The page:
Hurricane safety and preparedness is crucial as the season enters what have traditionally been the busiest months. In addition, chances are high that 2020 could be extremely active.
Conditions are very favorable for development of tropical storms and hurricanes in the Atlantic Basin, according to the National Oceanic and Atmospheric Administration’s Climate Prediction Center.
NOAA updated its outlook on Aug. 6. In May, the experts gave odds of 60% that 2020 would be an above normal season. Now they say, chances are 85% that the season will above normal with an even higher potential it will be classified as an extremely active.
Louis Uccellini, director of the National Weather Service, delivered the news at an Aug. 6 press conference. He focused on the importance of preparedness and planning, pointing out that the continental United States had already experienced three tropical storms and two hurricanes.
“We’re now entering the peak months when about 90% of hurricanes form,” he said, adding that this year would be especially challenging due to COVID-19.
Gerry Bell, Ph.D., lead seasonal hurricane forecaster at the Climate Prediction Center, said hurricane season in the Atlantic basin begins in June and ends in November. This year, the season started early and has already had nine named storms and two hurricanes.
He also pointed out that the season now has a higher probability of being above active or even extremely active. He said odds that it would be a below normal season are down to 5% and chances that it would be a normal season are down to 10%.
An average hurricane season includes 12 named storms with six strengthening into a hurricane and three becoming a major hurricane.
NOAA now predicts that this year could have between 19-25 named storms, seven-11 hurricanes and three-six major hurricanes, which are a Category 3 or above. The numbers include the previous storms and hurricanes.
Bell said 25 are the most named storms NOAA has ever predicted in an outlook.
The weather experts at Colorado State University also are predicting an extremely active season. They predict an additional 15 named storms, 10 hurricanes and five major hurricanes, on top of what has already formed.
NOAA does not make predictions about landfall; however, the Colorado State University forecasters do.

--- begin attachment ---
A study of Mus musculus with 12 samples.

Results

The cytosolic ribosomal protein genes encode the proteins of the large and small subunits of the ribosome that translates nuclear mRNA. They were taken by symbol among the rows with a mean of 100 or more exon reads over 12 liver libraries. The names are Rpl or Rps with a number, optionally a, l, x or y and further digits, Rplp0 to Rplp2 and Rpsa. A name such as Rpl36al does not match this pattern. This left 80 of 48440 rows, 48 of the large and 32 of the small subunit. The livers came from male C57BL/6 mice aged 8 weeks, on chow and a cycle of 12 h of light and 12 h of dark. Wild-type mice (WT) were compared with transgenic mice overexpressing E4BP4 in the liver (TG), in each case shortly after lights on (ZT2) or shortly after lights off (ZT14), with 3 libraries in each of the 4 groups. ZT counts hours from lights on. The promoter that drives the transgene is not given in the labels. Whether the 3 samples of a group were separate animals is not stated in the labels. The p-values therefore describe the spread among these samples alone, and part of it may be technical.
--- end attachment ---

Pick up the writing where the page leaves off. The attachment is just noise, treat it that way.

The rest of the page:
“We anticipate an above-normal probability for major hurricanes making landfall along the continental United States coastline and in the Caribbean,” wrote Philip J. Klotzback, Michael Bell and Jhordanne Jones, authors of the latest forecast.
Colorado State says there is a 74% chance of a hurricane making landfall on the continental U.S. coastline this year, the average is 52%. Odds are 49% of a landfall on the U.S. east coast including the peninsula of Florida, the average is 31%, and odds are 48% of a landfall on the Gulf Coast from the Florida Panhandle westward to Brownsville, Texas, the average is 30%.
Regardless of the predictions, NOAA’s experts and those at Colorado State University say “it only takes one” to make it an active season wherever you are.
Bell went into the science behind this year’s forecast, which concurs with those from Colorado State. In general, conditions are more hospitable for development.
Those conditions include warmer-than-average sea surface temperatures in the tropical Atlantic Ocean and Caribbean Sea, reduced vertical wind shear, weaker tropical Atlantic trade winds and an enhanced west African monsoon.
In addition, forecasters see signs of a La Nina developing, which could further weaken wind shear over the Atlantic basin allowing more storms to develop and intensify.
Bell said a big factor was the Atlantic Multi-Decadal Oscillation, which has been in effect since 1995. Since that time, 70% of hurricane seasons have been above normal, he said and 9% had been extremely active.
He said during this time, the likelihood and more hurricanes and more major hurricanes making landfall was enhanced. He urged coastal and inlands community to get prepared.
“Know your risk, make a plan and prepare now,” he said.
When asked if climate change was having an effect on this hurricane season, Bell said it was too early to tell. However, he did say that higher ocean temperatures meant ocean levels were higher overall, which meant more inundations and higher oceans along coastal areas.
“More people are living along the coast,” he said. “Millions are threatened.”
When asked to compare conditions now to those in 2005, which was a record season with 28 named storms, Bell said they weren’t quite as intense. However, he didn’t rule out the possibility that 2020 could have 28 named storms as well.
Bell said in 2005, forecasters had predicted 21 named storms, which had been the highest number recorded.
He said ocean temperatures were higher in 2005 and wind conditions were more favorable. Forecasters are not expecting this year’s conditions to be as favorable. He said two major hurricanes had formed by this time in 2005.
“Favorable conditions are not at the same level,” he said.
Still, more storms, stronger storms and longer-lived storms than average are forecast this year.
Bell, who is retiring this year, also was asked about rumors going around that said NOAA was naming more storms today than in the past. He said that had been true since about 2000, as technology improved and forecasters were able to see storms that they could not see in past years.
“But that doesn’t explain the record seasons,” he said.
Suzette Porter is TBN’s Pinellas County editor. She can be reached at firstname.lastname@example.org.